Latin name: Frankliniella spp.
Reason for Concern:
1) Rarely a problem, thrips are tiny insects that can infest blooms and berries.
2) They can be a problem in specialty packs (e.g., kosher).
3) Common flower feeders; when abundant, have been reported to cause blossom blasting.
4) Feed on fruit and contaminate harvested fruit. A toxin in their saliva can distort, discolor or destruct plant tissue.
Tiny (1mm long, less than 1/20”, at maturity), slender insects with long fringes on the margins of both pairs of their long, narrow wings. Nymphs are similarly shaped but lack wings. Color ranges from reddish yellow to dark brown. Larvae are about 0.25 mm long, white or cream-colored during the 1st instar, turning more straw-colored during later stages.
Adults and larvae are slow-moving and have long, stout abdominal hairs visible with a hand lens. Thrips feed by puncturing a host plant and sucking exuding contents, which causes tiny scars on leaves and fruit (stippling), and can stunt growth. Damaged leaves may become papery and distorted. Infested terminals may discolor, roll, and drop leaves prematurely. Damage is often observed before thrips can be seen. Discolored or distorted plant tissue or black specks of feces around stippled leaf surfaces are clues of thrip presence. Other disorders, pathogens, and invertebrates can cause damage resembling that of thrips. Lace bugs, plant bugs, and mites also stipple foliage, and lace bugs and certain plant bugs produce dark, watery fecal specks.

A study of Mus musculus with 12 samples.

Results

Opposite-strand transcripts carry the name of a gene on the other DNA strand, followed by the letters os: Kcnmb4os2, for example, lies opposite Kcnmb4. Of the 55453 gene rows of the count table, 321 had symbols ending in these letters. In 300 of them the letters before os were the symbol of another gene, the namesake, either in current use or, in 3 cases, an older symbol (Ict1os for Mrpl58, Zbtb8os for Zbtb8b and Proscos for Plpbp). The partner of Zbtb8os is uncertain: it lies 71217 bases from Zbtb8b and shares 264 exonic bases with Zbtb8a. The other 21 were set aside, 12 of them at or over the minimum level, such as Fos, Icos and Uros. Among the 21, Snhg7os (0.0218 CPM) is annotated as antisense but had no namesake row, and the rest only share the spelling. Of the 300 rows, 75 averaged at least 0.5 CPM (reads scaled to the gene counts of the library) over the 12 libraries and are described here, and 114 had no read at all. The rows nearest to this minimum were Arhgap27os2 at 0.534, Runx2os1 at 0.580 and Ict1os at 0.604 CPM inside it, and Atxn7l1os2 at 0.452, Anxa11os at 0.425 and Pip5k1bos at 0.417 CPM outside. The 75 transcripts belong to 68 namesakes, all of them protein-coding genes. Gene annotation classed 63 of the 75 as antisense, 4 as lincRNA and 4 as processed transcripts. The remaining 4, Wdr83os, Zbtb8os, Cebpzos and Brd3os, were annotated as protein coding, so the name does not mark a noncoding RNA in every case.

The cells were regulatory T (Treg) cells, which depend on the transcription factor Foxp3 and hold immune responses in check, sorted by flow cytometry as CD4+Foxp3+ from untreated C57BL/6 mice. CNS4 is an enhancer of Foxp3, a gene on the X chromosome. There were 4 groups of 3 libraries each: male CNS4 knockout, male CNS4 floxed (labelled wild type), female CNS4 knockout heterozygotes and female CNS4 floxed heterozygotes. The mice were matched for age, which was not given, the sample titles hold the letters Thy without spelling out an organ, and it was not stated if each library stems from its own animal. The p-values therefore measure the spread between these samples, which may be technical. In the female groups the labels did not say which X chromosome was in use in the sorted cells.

Life cycle may be completed in 2 weeks in warm weather with up to 8 or more generations a year. The adult lays elongated, cylindrical to kidney shaped eggs that are relatively large in relation to the female in leaves or buds. Nymphs hatch and enter 2 or more instars before entering the prepupal and pupal stage. The pale prepupae and pupae of most species drop to the soil or leaf litter or lodge within plant crevices. The ‘pupae’ emerge as winged adults and migrate back to the plants or out of the field.
- Thrips feed on flower pollen and are usually hidden within plant parts (such as buds), making them difficult to detect and control with insecticides.
- When berries develop, look for discolored drupelets.
- Keep an eye out for beneficial thrips as well as pest thrips.
- The six spotted thrip is a beneficial insect predator. It has three dark spots on each forewing, unusually long hairs extending well beyond the margins of the head and thorax.
- In comparison, pest thrips may have wings with broad alternating dark and light bands, but no three distinct dark spots; hairs on the head and thorax are shorter.